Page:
What determines Salary for New Jersey Devils Forwards?

How do hockey players get paid? This is a question that almost every fan has thought about at some point. Sure forwards get paid to score goals and assist on those goals; defensemen get paid to defend the opposing team's forwards, and of course the goalie gets paid for how many shots he can keep from hitting twine. We measure these skills with statistics like goals, assists, save percentage, and the awful plus-minus stat.

The question then becomes if each team values those skills equally. Clearly, each team has a little different method in evaluating these player's skill sets. Otherwise, every team would offer a certain player the same exact contract, all else equal. For instance, does every team appreciate the defensive abilities of Zach Parise at equal levels? Most likely Lou Lamoriello values them a little more than other GM's because he is known for defense. Therefore, Parise will get paid for different aspects of his game by different GM's.

Since this is a blog that praises Lou with its name, let's try and figure out how Lou compensates players for their skill set. I looked at every New Jersey Devil to play at least 15 games for the organization from 2007 to 2012. Then I limited it down to only forwards (Left Wing, Center, and Right Wing). I did this because forwards get paid differently then defenseman and goalies. Also, I deflated the salaries to the value of the dollar in 1990, so inflation is not a factor. I then used player statistics from nhl.com, behindthenet.ca, and salary statistics from USA today's website in order to make my data set. After the jump I'll explain my findings.

Technical Details (skip if you dislike statistical jargon):

I used Regression Analysis in order to find a link between salary, points, goals, assists, shooting percentage, and corsi. I used OLS and the regression was:

log(salary) = Goals per Game, Primary Assists per Game, Secondary Assists per Game, Points per Game, Shooting Percentage, Relative Corsi, and a dummy variable in order to capture if a player was a center.

Every variable was significant at the 15% level of significant, except for shooting percentage and secondary assists. The Durbin Watson stat was between 1.6 and 1.8 for each regression, proving no serial correlation. I used EViews 7 to run the data.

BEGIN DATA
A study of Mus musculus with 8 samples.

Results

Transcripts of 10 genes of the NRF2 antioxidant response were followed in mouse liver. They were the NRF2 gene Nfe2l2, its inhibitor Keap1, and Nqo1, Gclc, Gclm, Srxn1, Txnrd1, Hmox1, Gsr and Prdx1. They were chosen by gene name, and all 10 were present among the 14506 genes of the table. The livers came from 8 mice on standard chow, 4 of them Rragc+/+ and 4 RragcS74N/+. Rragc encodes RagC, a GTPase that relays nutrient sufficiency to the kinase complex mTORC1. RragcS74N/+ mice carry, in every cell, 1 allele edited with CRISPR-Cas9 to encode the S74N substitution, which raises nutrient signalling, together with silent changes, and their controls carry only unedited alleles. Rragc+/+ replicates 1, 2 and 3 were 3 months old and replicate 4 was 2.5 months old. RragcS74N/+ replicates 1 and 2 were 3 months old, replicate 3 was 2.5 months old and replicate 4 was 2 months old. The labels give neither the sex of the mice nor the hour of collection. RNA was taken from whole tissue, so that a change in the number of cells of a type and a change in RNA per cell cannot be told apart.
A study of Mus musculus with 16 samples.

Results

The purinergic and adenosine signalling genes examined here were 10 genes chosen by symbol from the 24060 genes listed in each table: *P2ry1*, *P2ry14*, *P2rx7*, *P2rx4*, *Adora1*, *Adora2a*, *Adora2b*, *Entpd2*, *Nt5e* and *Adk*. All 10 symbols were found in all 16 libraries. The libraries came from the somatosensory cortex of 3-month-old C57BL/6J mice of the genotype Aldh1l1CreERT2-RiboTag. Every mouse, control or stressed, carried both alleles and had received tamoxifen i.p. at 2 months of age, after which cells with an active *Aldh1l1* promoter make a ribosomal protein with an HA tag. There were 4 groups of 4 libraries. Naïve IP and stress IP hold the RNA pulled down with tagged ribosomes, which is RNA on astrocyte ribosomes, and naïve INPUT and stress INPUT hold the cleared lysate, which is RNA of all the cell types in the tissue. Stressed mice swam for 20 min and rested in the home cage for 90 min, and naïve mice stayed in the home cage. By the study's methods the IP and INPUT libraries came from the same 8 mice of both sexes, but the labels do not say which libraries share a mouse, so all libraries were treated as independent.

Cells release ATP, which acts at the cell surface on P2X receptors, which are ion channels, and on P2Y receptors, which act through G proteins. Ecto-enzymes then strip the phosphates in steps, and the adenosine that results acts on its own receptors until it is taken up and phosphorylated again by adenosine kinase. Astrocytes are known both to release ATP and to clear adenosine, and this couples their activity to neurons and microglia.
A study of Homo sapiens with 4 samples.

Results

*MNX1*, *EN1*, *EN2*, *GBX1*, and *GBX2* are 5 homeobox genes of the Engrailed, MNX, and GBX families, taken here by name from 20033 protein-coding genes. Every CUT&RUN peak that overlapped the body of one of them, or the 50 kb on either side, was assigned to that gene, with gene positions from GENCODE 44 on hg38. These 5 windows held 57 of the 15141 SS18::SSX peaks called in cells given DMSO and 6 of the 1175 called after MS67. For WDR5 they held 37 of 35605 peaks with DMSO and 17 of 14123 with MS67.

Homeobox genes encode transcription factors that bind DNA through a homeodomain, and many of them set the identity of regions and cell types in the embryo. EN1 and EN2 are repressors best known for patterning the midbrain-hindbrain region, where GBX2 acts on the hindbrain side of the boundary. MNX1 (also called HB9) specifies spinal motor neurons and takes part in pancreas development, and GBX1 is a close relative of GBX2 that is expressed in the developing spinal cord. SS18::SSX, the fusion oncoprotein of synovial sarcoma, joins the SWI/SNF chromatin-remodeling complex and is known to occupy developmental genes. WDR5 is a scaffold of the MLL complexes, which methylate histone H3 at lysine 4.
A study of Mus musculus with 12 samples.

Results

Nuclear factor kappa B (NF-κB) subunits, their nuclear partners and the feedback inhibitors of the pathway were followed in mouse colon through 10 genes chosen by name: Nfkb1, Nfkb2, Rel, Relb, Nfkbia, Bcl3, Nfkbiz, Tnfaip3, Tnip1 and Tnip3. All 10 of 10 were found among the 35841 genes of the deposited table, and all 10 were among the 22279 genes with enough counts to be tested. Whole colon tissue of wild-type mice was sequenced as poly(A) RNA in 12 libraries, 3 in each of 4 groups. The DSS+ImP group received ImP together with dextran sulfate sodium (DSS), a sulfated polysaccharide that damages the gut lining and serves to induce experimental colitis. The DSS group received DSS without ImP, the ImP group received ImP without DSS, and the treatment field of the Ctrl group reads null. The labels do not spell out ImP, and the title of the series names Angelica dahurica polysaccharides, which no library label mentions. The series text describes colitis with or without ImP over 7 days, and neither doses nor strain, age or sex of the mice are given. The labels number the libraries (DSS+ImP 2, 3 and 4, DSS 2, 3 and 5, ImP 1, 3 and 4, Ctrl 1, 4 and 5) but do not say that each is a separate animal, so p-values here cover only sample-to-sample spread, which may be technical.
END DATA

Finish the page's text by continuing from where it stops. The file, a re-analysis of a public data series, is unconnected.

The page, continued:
Findings:

I first looked at how well goals, primary and secondary assists per game affect salary. I found that goals and primary assists were important, but secondary assists had no effect on salary. For every goal per game, a Devil's salary will increase by 122%. I also found that for every primary assist per game, a player's salary will increase 51%. However, I found this regression only explains 30% of total salary. Therefore, I looked at some other variables to see if I could explain more.


The next equation looked at points per game, relative corsi, shooting percentage, and whether or not that forward was a center. I found points per game increased salary by 95%. This combines all goals and assists, so it would make sense that it fell between the 122% and 51% from the previous regression. Shooting percentage was insignificant, meaning that the Devils organization doesn't compensate players who have a higher shooting percentage than other players. Players who were centers made about 35% more than wingers, when they are at the same skill level. Finally, the Devils actually consider a player's relative corsi when compensating him. For those of you who don't know what corsi is by now, it is a measure of possession. For each one point increase in corsi, a player will get paid 1.3% more. This seems insignificant, but if you increase your relative corsi by ten, you will get paid 13% more. So for those of you who are on the fence about corsi being accepted by NHL organizations, it does have a slight effect on salaries, at least in the Devils organization. One more thing, this equation explained 47% of a Devil's salary.


Finally, I ran one more regression which was the same as the last regression, except it uses goals and primary assists rather than points per game. This time I found that being a center increases salary by 36% over wingers, and again, shooting percentage had no effect on salary. For every goal per game more, a Devil's forward will get paid 144% more. This seems high, but how many players do you know scoring a goal a game at the NHL level? For every primary assists per game, a forwards salary will increase by 70%. This regression also found relative corsi to be significant, at 1.7%. This is slightly larger than the last regression, but still at the same magnitude. This equation explained almost 59% of salary for a New Jersey Devils forward.

Below I laid out a table that shows each equation and which determinants that I tested have a significant impact:

Salary_determinants_medium

The take away from this article is that we can take a glimpse at what the Devils organization values and does not value. Personally, I would think that possession is worth more than being a center. I would also think that defenseman might get paid a little more for corsi than forwards. But this analysis does not include defensemen.

This article was a little quantitative, but it shows exactly what Lou is willing to pay for. I hope you enjoyed it even though it was a little technical. If you have any questions about the method or details, feel free to ask in the comments. Does this sound right in your mind, or would you allocate money for different skills? Do you have any statistics I should add that you think Lou pays for? Thanks for reading!